What are computer viruses?
Microcomputer viruses are self-reproducing programs designed to move from computer to computer. Many are intended to be malicious but some cause no harm. Microcomputer viruses can be grouped into three categories according to their method of transmission and type:
* Boot-sector viruses are transmitted from machine to machine on infected floppies. Attempting to boot a machine from an infected diskette, even if the process is unsuccessful, can spread the virus.
* Executable-viruses are spread by running infected programs. The virus then infects subsequent programs as these programs are used.
* Macro-viruses are written inside certain applications like Microsoft Word. These viruses are spread by opening, saving, and printing affected document files. Typically, they corrupt documents (not limited to Microsoft Office documents).
* Worms are often put in the same category as viruses, but are distinctly different. A virus file is usually a self-contained program that a person executes. A worm is an automated way of hacking into computers. The worm finds computers missing security patches and without a firewall, hacks those computers, then uses those computers to hack new computers.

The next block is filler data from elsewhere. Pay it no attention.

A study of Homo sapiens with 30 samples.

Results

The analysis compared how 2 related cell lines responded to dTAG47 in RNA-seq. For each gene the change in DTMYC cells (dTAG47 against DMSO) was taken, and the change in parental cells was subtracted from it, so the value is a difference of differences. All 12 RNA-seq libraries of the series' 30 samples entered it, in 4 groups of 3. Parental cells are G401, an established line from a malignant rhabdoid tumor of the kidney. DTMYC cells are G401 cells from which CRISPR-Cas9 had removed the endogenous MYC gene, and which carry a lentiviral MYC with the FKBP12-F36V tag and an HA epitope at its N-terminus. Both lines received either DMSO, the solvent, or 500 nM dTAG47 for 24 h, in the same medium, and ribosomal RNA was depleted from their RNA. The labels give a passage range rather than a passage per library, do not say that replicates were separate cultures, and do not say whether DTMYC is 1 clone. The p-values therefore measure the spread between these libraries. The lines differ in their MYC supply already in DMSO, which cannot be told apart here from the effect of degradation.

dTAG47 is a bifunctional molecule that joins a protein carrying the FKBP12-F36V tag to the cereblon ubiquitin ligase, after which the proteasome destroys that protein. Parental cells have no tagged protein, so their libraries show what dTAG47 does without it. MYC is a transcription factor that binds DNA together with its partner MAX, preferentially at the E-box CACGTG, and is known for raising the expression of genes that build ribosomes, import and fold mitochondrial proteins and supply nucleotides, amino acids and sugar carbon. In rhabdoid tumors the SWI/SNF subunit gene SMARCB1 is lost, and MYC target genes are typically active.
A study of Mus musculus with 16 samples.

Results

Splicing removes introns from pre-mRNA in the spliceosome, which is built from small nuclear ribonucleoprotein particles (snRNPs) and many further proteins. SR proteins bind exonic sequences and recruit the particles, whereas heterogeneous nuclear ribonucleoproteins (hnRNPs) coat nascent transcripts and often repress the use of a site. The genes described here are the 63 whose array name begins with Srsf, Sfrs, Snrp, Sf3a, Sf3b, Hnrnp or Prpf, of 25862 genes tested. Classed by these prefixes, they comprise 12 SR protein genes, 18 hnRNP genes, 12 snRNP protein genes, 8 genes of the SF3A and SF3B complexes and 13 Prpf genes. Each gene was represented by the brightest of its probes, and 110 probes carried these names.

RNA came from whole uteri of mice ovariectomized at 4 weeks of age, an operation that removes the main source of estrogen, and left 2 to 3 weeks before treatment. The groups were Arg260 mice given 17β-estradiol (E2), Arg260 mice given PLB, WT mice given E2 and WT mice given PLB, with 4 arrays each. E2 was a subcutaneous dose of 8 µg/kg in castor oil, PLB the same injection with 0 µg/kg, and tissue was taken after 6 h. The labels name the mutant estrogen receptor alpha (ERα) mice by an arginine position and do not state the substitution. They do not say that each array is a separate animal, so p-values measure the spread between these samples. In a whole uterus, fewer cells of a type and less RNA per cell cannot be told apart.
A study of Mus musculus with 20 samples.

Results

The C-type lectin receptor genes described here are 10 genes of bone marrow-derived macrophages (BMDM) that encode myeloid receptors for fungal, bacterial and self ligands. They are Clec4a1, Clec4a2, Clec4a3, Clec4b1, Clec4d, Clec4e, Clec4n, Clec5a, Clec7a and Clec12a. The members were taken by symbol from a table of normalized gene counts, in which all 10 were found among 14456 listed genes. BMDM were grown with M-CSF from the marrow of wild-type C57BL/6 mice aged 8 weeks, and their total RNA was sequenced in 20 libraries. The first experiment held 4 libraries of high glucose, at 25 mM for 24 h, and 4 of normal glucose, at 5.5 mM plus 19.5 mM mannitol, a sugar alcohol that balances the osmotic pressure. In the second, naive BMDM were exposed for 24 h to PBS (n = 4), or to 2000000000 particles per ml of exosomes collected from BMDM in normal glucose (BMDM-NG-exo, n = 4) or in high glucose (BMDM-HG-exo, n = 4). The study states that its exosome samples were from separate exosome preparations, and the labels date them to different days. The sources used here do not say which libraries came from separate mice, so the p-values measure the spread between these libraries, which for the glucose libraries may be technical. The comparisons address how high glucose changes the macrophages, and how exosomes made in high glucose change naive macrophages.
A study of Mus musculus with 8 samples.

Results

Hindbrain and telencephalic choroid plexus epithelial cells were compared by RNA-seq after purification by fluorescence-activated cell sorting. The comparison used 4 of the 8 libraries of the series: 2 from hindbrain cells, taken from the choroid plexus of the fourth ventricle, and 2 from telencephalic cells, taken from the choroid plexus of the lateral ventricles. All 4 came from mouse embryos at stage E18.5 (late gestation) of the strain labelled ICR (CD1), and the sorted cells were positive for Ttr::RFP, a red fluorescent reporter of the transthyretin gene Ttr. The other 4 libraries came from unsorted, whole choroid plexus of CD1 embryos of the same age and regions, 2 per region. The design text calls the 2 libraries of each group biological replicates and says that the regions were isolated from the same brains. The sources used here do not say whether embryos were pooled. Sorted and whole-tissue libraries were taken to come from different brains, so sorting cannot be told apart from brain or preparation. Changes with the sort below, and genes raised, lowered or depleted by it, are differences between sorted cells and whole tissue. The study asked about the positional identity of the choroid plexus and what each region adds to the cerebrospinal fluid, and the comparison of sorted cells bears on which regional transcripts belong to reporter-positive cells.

What can be done to avoid infection?
Most common viruses are spread by email, sharing files over the Internet or by moving floppy disks from one computer to another. Worms are spread by not following secure computing practices ( see The ITS Security Page). To detect, remove, and prevent the spread of computer viruses and worms, ITS currently distributes Symantec Antivirus Corporate Edition 9.0 for Microsoft Windows and Norton Antivirus 9 for Mac. They are available for download at software.usc.edu.
There are other commercial virus protection packages available, however ITS does not support their use.